Gallery Stroll: Turning The Corner
Utah is home to some amazing contemporary art venues and artists. Take, for example, Central Utah Art Center’s (CUAC) featured artist for the month of January, Steven Stradley.
Stradley marries painting, sculpture and architecture, using the stark, white gallery walls as his canvas. Likened to modernist architecture, Stradley uses well-defined planes with horizontal and vertical lines, juxtaposed alongside functional or operational elements for dramatic effect. The process engages angles, corners, floors and door frames, putting the whole gallery on display. Dana Hernandez, gallery manager at CUAC, is thrilled to have Stradley’s work on display.
She says, “He came into the gallery one day with some friends and family during one of our gallery strolls. He mentioned he was an artist and how he loved the space. I looked him up later, and his work blew my mind. I thought, ‘Wow, he’s really good, and it would be amazing to see what he could do with our space.’”
Stradley, a Utah native, attended Utah State University for his Bachelor of Fine Arts in Painting. He currently resides in Michigan while he finishes his master’s degree in the same discipline at Michigan State University. His work has been seen in numerous group shows in Salt Lake and Michigan. His past solo exhibits in SLC include Kayo Gallery, Palmers Gallery, Baxter’s Cafe and Tanner Frames.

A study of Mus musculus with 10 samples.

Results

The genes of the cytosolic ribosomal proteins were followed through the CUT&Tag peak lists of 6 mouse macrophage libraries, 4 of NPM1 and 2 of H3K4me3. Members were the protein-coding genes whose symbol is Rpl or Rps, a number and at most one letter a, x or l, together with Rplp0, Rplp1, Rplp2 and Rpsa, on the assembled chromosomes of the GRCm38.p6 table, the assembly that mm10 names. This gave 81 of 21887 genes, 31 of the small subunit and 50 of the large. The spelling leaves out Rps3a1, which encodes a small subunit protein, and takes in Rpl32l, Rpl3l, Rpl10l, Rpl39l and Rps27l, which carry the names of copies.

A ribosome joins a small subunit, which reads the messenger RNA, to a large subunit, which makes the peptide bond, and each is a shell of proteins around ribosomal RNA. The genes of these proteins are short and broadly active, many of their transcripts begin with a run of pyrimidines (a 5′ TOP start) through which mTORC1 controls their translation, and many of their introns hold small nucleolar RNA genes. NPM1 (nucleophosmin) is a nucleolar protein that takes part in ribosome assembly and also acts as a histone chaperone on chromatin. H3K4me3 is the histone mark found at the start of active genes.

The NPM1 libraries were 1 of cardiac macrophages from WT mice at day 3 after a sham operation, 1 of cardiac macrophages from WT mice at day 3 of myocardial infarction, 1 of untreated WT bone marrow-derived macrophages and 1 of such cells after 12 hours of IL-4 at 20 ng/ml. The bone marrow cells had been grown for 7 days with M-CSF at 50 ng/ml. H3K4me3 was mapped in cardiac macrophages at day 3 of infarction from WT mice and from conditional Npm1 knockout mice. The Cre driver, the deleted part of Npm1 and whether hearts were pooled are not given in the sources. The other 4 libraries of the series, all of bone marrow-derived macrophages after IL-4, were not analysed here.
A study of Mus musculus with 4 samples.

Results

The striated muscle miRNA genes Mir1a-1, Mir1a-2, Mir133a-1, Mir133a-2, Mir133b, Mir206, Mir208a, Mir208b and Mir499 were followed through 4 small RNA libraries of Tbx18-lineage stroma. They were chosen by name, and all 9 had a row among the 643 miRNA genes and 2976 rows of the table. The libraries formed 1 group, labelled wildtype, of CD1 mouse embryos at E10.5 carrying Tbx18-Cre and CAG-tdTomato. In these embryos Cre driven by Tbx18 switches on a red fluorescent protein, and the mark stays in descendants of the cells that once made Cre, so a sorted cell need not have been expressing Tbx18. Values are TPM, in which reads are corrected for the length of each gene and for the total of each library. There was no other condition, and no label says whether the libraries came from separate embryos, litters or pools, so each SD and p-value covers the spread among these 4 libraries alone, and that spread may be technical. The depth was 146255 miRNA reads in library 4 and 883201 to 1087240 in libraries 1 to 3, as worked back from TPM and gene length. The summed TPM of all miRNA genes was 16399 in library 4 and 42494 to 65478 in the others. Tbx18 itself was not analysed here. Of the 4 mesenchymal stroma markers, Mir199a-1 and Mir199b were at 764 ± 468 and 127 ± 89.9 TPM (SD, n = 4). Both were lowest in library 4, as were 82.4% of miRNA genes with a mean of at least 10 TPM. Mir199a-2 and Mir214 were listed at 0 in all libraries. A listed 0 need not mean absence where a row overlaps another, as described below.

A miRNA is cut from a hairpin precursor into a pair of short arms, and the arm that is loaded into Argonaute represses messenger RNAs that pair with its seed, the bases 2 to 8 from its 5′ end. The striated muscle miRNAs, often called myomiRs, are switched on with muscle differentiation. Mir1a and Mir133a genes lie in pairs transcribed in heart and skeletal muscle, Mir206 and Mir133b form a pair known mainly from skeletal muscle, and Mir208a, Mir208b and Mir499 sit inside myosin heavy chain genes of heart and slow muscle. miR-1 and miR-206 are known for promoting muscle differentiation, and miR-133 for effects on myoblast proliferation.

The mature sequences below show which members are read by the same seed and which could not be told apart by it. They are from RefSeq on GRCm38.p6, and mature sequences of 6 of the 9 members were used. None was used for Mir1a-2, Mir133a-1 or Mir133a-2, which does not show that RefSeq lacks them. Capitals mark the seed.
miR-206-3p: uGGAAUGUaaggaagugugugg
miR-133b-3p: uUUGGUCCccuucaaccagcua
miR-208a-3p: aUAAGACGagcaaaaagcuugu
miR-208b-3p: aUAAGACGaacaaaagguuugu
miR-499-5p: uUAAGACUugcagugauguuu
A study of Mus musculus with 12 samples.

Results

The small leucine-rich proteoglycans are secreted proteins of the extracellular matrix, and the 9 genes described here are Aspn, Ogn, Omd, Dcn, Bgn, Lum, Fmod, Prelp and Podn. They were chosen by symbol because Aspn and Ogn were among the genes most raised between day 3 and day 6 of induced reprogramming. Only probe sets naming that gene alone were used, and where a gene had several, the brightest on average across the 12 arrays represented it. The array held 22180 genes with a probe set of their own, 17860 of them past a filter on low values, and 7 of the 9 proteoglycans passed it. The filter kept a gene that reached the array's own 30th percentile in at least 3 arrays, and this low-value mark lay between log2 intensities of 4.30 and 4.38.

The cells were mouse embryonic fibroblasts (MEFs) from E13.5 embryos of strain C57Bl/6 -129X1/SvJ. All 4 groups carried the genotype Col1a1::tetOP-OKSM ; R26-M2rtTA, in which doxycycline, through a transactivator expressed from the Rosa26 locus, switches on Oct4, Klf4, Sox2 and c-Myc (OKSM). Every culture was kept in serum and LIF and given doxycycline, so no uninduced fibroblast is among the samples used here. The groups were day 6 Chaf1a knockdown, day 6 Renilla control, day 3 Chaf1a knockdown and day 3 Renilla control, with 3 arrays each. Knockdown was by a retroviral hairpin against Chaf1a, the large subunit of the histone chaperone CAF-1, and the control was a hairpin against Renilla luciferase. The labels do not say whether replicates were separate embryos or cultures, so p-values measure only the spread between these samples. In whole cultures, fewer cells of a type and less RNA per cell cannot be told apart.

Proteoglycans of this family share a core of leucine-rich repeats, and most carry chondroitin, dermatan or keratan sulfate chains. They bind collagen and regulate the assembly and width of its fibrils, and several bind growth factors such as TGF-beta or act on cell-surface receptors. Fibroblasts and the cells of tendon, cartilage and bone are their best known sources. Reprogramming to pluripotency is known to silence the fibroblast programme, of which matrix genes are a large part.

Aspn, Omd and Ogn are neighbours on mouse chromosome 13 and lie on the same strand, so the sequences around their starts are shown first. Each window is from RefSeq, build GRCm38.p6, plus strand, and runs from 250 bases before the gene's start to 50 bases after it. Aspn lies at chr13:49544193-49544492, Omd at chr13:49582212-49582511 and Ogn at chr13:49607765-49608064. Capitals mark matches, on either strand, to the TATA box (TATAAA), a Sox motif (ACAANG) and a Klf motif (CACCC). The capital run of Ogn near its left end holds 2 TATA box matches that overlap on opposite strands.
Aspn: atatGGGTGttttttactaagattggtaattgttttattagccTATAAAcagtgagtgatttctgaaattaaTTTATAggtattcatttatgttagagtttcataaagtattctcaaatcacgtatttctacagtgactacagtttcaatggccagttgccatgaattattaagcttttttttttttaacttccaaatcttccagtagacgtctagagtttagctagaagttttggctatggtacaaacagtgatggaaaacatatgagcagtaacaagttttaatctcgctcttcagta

His work continues to find its way back to Salt Lake as he is a participant in the annual 300 Plates show for Art Access. Stradley’s impact on the Utah art scene reaches beyond his personal career achievements; before moving to Michigan, he taught at Mountain Ridge Junior High School in Highland, Utah and formally held art talks and critiques from his Salt Lake home for aspiring artists and art patrons.
Stradley is currently working with CUAC to highlight its transition and under-appreciated spaces, such as the storage cubby and hallway between the gallery’s two exhibition spaces. Plans include using the floor space, which might not initially sound super avant-garde, but how often do you go into a gallery and walk on the artwork?
As you can imagine, working within a particular gallery, using their walls as a canvas, each piece is very site specific and temporal. No two shows are alike, and after the show ends, the walls go back to their nondescript, uniform look.
Stop by to see CUAC as you’ve never seen it before, and show this Utah artist some Utah love on Friday, Jan. 17, from 6–9 p.m. CUAC is located at 175 E. 200 S. The show will remain on display through March 15. Regular gallery hours are Wednesday through Friday, 12–7 p.m. and Saturday, 12–4 p.m.
Take time to appreciate local art—slow down and enjoy the stroll.